DelVal zoo science majors get access to the field’s leading animal records management solution

Sam Cohen DelVal zoo science major Sam Cohen '14.

Delaware Valley College, in Doylestown, Pa., is the first college in the world to purchase access to an educational version of the software platform that zoos and aquariums worldwide use to record, manage and share vital animal information.  Starting in the fall 2013 semester, zoo science majors at the College will be able to use a training version of the Zoological Information Management System (ZIMS). ZIMS is the world-standard animal inventory software used by more than 800 institutions in 80 countries.  Students will get a chance to practice using the training version of ZIMs before they graduate, which will give them an edge when applying for zoo and aquarium positions.

Record-keeping is so important in the field because it allows zoo professionals to track information about the collection, a specific animal’s history and heritage, medical records, diet, and even enrichment activities. For conservation efforts and breeding programs, this type of data is especially important.

Two other educational institutions, Reaseheath College in the U.K, and Portland Community College are looking into integrating the system into their curriculums. Reaseheath purchased access after DelVal. Professional organizations are also considering the training version of ZIMS as a tool.

With an educational membership, DelVal students have access to the ZIMS online animal inventory instructional technology as a learning tool.  The platform offers an interactive, dynamic approach to help students learn.  Students will be able to use this version to learn concepts of managing animals in human care, including tracking data on: age, identification methods, sex and life-stages, pedigree, studbook management, management of endangered animals, animal enrichment, behavioral training, medical data management, enclosure design and maintenance, and life support system design and maintenance.

Students will access the practice version of the system both on and off campus. The College, in partnership with ZIMS-provider, International Species Information System (ISIS), will fully train students on use of the system and prepare them to effectively use the software platform at zoos and aquariums when they enter the field.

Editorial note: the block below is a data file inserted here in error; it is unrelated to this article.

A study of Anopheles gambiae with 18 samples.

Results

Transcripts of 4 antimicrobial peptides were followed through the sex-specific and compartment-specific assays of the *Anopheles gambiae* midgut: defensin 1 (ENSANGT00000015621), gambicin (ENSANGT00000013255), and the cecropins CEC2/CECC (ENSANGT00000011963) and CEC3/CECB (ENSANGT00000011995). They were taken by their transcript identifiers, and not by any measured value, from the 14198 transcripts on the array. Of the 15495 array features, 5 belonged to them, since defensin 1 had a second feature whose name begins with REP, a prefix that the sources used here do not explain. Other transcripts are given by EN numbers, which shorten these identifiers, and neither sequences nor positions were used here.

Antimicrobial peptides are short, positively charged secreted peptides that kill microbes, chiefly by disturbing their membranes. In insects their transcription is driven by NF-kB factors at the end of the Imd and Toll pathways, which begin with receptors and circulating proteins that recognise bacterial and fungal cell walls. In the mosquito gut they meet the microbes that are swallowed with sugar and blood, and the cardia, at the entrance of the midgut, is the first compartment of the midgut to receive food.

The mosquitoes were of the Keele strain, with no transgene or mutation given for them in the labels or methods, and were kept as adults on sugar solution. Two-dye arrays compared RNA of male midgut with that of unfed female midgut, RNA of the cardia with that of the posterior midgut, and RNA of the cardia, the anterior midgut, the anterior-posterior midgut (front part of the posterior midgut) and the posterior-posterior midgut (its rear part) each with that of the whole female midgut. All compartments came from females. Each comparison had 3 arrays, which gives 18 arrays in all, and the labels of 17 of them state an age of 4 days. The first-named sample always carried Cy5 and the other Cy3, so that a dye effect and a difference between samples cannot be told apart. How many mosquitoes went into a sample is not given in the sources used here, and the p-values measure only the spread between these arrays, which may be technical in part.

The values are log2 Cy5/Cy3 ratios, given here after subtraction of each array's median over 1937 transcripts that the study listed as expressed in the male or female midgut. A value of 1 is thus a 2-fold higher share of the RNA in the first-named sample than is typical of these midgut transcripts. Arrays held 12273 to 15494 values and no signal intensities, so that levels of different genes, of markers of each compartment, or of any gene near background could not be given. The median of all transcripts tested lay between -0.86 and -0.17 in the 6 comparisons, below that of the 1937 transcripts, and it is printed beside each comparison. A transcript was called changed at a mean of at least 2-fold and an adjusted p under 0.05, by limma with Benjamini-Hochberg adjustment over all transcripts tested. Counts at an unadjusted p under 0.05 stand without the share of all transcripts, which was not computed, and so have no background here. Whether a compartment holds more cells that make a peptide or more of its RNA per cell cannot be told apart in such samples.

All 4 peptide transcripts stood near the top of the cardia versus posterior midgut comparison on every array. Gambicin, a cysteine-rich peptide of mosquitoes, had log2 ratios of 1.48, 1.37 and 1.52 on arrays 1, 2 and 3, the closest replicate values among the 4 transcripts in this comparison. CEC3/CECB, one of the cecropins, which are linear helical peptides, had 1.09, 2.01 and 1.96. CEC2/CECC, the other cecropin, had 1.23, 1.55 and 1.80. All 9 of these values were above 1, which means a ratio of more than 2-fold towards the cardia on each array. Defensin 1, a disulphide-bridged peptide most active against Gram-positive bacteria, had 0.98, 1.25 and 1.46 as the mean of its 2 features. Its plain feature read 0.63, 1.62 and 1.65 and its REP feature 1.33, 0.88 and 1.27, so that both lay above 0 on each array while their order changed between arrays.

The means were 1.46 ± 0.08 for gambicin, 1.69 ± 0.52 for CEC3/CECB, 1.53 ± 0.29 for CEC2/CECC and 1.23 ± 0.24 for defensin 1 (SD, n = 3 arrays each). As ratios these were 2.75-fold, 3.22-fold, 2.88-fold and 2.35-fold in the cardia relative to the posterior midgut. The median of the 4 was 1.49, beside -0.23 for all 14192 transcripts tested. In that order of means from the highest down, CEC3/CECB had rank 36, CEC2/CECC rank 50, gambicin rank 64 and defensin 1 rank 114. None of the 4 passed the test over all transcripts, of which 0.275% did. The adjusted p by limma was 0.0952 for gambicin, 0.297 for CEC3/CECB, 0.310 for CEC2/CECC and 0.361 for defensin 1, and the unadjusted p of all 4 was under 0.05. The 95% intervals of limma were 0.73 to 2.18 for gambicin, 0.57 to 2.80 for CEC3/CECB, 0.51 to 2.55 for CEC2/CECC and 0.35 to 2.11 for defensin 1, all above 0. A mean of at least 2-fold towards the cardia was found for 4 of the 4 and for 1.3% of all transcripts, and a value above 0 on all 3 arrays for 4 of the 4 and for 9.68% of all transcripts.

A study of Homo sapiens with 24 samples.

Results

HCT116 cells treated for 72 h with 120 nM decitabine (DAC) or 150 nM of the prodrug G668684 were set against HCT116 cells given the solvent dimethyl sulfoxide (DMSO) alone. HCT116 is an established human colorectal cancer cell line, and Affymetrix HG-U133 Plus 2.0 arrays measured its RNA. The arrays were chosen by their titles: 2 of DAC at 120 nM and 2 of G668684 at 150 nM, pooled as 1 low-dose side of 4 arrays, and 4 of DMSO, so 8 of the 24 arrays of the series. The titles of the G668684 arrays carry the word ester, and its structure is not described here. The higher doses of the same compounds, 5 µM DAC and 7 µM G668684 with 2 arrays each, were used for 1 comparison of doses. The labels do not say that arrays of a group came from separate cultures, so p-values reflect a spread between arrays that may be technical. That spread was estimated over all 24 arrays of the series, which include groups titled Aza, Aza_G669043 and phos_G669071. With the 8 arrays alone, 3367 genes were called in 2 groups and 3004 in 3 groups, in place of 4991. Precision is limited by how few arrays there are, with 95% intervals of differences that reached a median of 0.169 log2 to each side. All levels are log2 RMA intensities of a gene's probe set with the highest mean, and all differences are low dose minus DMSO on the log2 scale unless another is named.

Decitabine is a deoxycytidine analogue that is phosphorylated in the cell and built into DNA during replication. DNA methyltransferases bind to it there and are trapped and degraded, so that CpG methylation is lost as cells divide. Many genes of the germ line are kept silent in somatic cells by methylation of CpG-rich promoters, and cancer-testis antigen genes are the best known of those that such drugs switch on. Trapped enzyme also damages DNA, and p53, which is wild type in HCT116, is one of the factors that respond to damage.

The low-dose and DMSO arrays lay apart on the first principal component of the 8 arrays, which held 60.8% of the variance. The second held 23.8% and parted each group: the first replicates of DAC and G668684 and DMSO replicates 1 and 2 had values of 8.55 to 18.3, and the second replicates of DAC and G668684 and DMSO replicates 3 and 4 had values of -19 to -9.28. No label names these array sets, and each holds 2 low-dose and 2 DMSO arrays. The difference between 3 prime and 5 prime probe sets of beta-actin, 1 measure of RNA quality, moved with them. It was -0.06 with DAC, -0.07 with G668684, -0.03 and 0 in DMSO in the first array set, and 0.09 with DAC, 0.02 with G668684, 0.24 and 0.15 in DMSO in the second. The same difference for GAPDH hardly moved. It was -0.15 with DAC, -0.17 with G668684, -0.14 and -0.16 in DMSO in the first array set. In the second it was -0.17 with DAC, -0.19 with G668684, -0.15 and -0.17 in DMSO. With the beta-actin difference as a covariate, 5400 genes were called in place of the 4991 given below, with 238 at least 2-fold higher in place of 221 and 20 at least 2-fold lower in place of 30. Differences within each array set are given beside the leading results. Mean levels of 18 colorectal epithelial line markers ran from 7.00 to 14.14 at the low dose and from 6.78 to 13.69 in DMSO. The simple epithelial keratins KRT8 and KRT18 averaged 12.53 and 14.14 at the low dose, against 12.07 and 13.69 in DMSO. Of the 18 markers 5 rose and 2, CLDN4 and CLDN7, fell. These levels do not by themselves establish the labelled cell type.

In the College’s Animal Record-Keeping course, which is being offered for zoo science juniors and seniors for fall 2013, students will input data for a virtual zoo using the practice version of ZIMS. There are approximately 15 students in the course.

Students will run a virtual zoo, designing exhibits, entering inventory for the zoo, and learning about how record-keeping enhances care of animals, aids international conservation efforts and more.

“Accurate record-keeping and sharing of information with institutions worldwide is absolutely necessary for this field,” said Maggie Liguori, a DelVal faculty member. “We’re tracking animals from birth to death; we have to track genetics for generations.”

She said the access combines nicely with the College’s focus on experiential learning and gives students a resource they wouldn’t have until they were in the field.

“I think it will have a huge impact on our students’ job searches,” said Liguori. “The person reading the resume is going to stop and look at it twice during the interview and ask. Applicants who bring this type of experience at such a young age are rare.”

Sam Cohen ’14, is looking forward to using the program.

“I am very excited to have access to ZIMS, as we are the first school to have it integrated into our curriculum,” said Cohen. “DelVal students will have an advantage over other job applicants and even people already working in the zoo field.”